UI sociology professor and students take on research at local mobile home park

Leontina “LT” Hormel first learned about Syringa Mobile Home Park in 2009, when two students in her “Introduction to Sociology” class were residents of the park.

In 2013, Hormel, an associate professor of sociology in the College of Letters, Arts and Social Sciences at the University of Idaho, read newspaper reports discussing a water crisis at Syringa, which is just outside Moscow. The residents discovered that the water they had been drinking was contaminated with coliform bacteria, E. coli, lead and chlorine. After the discovery, running water was shut off for 90 days.

Having the connection to the two students who lived in Syringa gave Hormel an interest in the situation.

She began conducting sociological research on the park and its residents after Magar E. Magar, the man who owns the park, and the residents reached a partial settlement. Hormel knew she wanted to act and help the residents in some way, she just needed a place to start. After discussing the matter with her former students, Hormel began her research in March 2015.

“When you are working directly with residents, it’s the kind of situation where you can’t just say things to make things better,” Hormel said. “There are people’s lives at stake.”

For the 2016 fall semester, Hormel incorporated the research project into one of her classes. Six students enrolled in the fall 2016 Sociology 423 course “Sociology of Prosperity: Social Class and Economics in the 21st Century.”

The research team consisted of Cynthia Ballesteros, Haylee Brister, Angelica Lopez, Kenneth Marcy, and Lincoln Smith, all undergraduates who studied different aspects of the Syringa situation. Also at UI, Maureen Laflin, a law professor and the director of clinical programs in the College of Law, led a legal clinic team that handled a class-action lawsuit on behalf of Syringa residents.

Hormel's class began with a book that discussed a similar topic as the Syringa Mobile Home Park: “Evicted: Poverty and Profit in the American City” by Matthew Desmond. The book follows the stories of tenants and landlords in two Milwaukee neighborhoods: the predominantly black North Side and the predominantly white South Side. Desmond compares the experiences of poor households in each neighborhood.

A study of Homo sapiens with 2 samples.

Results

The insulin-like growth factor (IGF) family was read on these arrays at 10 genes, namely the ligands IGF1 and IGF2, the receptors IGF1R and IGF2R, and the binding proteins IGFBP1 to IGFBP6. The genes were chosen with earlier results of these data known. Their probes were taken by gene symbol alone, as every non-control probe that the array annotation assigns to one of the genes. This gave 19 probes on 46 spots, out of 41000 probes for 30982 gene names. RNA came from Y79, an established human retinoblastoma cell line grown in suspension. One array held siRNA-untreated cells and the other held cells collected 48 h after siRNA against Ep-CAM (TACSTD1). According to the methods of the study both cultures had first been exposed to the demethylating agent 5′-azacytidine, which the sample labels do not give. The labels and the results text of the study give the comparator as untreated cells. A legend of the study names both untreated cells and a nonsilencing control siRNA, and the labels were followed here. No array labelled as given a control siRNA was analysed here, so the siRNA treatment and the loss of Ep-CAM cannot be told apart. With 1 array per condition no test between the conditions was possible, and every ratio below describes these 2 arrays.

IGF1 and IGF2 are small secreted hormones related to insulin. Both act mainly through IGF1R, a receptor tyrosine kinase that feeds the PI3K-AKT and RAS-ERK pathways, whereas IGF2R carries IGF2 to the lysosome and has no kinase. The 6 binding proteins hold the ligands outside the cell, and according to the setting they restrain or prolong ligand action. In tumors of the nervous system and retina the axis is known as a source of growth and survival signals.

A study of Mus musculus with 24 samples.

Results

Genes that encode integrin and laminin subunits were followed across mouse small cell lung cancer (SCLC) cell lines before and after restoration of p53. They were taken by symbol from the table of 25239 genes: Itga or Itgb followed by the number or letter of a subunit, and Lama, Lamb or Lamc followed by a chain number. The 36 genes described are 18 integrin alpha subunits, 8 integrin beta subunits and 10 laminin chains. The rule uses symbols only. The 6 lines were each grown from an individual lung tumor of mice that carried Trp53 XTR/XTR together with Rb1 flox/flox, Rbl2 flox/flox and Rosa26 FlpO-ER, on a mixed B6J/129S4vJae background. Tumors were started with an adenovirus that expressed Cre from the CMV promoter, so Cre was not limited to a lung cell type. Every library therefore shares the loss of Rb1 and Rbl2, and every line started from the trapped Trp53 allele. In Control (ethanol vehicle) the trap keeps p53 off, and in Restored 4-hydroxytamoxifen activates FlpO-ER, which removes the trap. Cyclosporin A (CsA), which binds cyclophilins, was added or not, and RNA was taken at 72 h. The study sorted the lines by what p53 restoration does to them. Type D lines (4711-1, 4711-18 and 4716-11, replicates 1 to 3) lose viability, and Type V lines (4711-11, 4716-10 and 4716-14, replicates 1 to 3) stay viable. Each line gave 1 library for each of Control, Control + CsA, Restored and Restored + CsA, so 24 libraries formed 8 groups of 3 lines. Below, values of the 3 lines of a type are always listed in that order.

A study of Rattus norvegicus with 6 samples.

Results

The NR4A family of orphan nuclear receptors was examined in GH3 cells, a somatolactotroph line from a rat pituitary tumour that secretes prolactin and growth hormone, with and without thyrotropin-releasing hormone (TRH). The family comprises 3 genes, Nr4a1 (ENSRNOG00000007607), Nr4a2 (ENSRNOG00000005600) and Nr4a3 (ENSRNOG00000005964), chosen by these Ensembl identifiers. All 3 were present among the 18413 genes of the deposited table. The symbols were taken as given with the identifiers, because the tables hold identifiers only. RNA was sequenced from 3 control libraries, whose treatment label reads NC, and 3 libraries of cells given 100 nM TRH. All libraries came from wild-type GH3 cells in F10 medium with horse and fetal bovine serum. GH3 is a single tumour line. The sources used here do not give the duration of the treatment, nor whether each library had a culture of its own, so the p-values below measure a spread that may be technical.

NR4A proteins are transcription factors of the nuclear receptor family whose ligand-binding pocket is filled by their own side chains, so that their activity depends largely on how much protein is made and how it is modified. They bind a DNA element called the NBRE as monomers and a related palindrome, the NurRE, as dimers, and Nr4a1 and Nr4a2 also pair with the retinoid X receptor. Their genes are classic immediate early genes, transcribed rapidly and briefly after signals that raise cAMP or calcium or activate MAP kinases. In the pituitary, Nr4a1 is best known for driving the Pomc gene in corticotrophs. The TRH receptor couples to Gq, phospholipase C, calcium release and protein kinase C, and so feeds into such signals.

Leontina LT Hormel
Hormel poses with some of her “Sociology of Prosperity” student researchers.

The students then conducted archival research, focusing on topics related to their majors. For example, Smith, an economics major, used his skills in business economics and business statistics to contribute to the team by entering data they collected into spreadsheets.

Together, the team learned about the issue of “red tagging” in Syringa. When residents decide to move out of their mobile homes, for any reason from health to safety, Latah County places red tags on the trailers to indicate that the properties cannot be inhabited until the conditions necessary are met by the park’s owner.

Some mobile homes are privately owned, but too expensive to move, leading owners to abandon them. The average value of a mobile home has decreased significantly in recent years, to an average value of $3,000. A study by Boise State University showed it would take $5,000 to $10,000 dollars to move the trailer out of the park, making it not worth moving the home at all.

The main goal of the project was to continually give things back to the residents. Hormel wanted to make sure that the residents were being represented well, and also wanted the people of Moscow to think about the city’s approach to affordable housing.

“A lot of things you talk about in international development are happening right here,” Hormel said. “What we often think about happening somewhere far away in another country is happening right here.”

The class gave the students experiences they would not normally get solely in the classroom, said Ballesteros, a senior from Nampa, Idaho, majoring in sociology.

“It’s the classroom in real life,” Ballesteros said. “That was one of the best things about this class. And it’s affecting real lives.”

Leontina LT Hormel
Hormel led her student researchers in a study of a local mobile home park that had faced contaminated water.

WRITER: Jordan Gonzalez, a freshman from Wenatchee, Washington, is majoring in anthropology.

PHOTOGRAPHER: Chuan He is a sophomore from Zhuhai, China, studying secondary education with an emphasis on social studies.